New Team Shaw civilian employees take an oath during a civilian oath ceremony at Shaw Air Force Base, S.C., Dec. 12, 2016. Appropriated fund civil servants must take an oath before assuming duty, swearing to preserve, protect, and defend the Constitution of the United States. (U.S. Air Force photo by Airman 1st Class Christopher Maldonado)

New Team Shaw civilian employees take an oath during a civilian oath ceremony, Shaw Air Force Base, S.C., Dec. 12, 2016. Appropriated fund civil servants must take an oath before assuming duty, swearing to preserve, protect, and defend the Constitution of the United States. (U.S. Air Force photo by Airman 1st Class Christopher Maldonado)

SHAW AIR FORCE BASE, S.C. -- Just as service members around the country have raised their right hands and taken the oath to “support and defend the Constitution of the United States against all enemies, foreign and domestic,” so have the civilians who work alongside them.

Civilian workers who take this oath assume the position of appropriated fund civil servants and serve alongside their brothers and sisters in arms.

The civilian oath states that working for the federal government requires a unique level of public service and dedication.

“As appropriated fund civil servants, we are required to take the oath before assuming duty, to include returns to the states from overseas locations,” said Christopher Orbe, 20th Force Support Squadron human resource specialist. “The oath is taken by civil servants transitioning from base to base or assignment changes.”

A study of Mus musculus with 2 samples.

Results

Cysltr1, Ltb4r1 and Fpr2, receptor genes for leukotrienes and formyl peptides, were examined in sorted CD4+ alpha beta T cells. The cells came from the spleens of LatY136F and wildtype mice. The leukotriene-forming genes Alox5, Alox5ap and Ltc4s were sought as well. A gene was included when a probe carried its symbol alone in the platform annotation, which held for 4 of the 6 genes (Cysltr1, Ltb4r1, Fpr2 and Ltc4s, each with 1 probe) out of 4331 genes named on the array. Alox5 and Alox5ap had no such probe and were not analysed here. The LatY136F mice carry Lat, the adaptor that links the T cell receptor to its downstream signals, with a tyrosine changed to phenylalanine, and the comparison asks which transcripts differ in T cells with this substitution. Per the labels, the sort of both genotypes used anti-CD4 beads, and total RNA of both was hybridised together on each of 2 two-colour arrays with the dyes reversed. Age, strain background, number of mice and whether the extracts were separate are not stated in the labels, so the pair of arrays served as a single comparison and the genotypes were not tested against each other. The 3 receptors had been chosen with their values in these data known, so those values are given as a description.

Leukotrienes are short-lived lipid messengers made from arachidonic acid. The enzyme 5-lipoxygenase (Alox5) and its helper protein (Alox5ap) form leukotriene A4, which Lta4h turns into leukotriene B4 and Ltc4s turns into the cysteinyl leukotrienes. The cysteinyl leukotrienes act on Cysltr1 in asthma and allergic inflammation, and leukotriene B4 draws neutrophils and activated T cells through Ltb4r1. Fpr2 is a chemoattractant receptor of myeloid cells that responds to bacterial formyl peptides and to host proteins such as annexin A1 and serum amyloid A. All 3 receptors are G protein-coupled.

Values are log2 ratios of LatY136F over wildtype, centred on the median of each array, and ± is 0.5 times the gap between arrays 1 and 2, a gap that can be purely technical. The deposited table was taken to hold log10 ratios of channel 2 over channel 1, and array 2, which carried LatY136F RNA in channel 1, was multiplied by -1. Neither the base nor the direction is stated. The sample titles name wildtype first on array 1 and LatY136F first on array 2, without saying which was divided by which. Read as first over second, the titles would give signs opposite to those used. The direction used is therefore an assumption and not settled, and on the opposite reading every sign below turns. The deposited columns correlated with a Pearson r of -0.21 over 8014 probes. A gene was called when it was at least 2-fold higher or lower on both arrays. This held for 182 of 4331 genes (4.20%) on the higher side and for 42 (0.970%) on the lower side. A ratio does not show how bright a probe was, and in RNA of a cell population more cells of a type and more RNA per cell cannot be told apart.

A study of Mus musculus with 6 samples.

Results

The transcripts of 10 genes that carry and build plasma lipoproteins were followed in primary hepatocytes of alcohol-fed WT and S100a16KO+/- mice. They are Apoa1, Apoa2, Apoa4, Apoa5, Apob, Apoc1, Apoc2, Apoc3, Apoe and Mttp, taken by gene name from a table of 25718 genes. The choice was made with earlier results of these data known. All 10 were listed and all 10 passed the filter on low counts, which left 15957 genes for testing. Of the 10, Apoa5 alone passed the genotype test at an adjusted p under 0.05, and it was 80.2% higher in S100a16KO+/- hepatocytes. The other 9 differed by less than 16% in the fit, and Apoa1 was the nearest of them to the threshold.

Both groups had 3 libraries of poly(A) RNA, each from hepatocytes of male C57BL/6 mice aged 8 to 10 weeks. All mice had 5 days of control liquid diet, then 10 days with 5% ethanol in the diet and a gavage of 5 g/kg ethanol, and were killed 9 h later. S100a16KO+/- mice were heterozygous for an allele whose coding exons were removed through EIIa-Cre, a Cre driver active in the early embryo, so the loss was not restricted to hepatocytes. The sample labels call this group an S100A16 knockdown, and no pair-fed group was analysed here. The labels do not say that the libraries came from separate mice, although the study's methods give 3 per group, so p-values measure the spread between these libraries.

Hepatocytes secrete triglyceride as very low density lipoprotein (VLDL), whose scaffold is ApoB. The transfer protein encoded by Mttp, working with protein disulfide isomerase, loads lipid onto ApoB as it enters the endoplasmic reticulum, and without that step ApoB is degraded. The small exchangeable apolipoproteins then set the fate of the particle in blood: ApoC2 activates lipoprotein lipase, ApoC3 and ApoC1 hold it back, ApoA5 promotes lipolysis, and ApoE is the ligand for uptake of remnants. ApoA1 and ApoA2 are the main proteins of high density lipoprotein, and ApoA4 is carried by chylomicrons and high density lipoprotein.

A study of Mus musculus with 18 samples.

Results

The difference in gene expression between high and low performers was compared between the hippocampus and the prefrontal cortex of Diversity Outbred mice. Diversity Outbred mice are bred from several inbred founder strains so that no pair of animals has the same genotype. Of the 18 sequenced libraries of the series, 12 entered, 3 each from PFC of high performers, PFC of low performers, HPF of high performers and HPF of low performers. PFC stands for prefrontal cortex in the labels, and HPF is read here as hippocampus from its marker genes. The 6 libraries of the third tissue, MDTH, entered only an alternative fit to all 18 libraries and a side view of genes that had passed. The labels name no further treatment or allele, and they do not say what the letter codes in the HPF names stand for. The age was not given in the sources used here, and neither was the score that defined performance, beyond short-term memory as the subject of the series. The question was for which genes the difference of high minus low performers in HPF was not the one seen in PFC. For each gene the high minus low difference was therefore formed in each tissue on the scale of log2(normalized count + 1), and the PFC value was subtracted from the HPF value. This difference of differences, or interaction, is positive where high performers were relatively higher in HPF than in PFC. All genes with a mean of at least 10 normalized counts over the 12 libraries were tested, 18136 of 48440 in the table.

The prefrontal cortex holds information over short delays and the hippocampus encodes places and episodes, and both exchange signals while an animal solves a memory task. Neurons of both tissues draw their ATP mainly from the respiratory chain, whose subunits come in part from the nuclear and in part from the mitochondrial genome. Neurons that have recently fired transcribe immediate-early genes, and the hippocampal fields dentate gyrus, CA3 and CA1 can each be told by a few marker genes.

The history of the oath for federal employees can be found in Article II of the Constitution, which includes the specific oath the President takes, to "preserve, protect, and defend the Constitution of the United States."

Civil servants bring continuity to the mission at home and abroad as part of the Department of Defense civilian expeditionary workforce. Civilian employees fill critical functions in support of combat operations, contingencies, emergency operations, humanitarian missions and stability operations of the DOD in several locations across the globe.

“Civilians are an integral part of the total force,” said April Burnette, 20th Civil Engineer Squadron real property accountable officer. “To me the civilian oath is a binding commitment exuding 'One Team, One Fight,' and one I have been proud to embrace.”

With the countless contributions civil servants provide to the total force, U.S. armed forces stateside and overseas can more effectively accomplish their mission.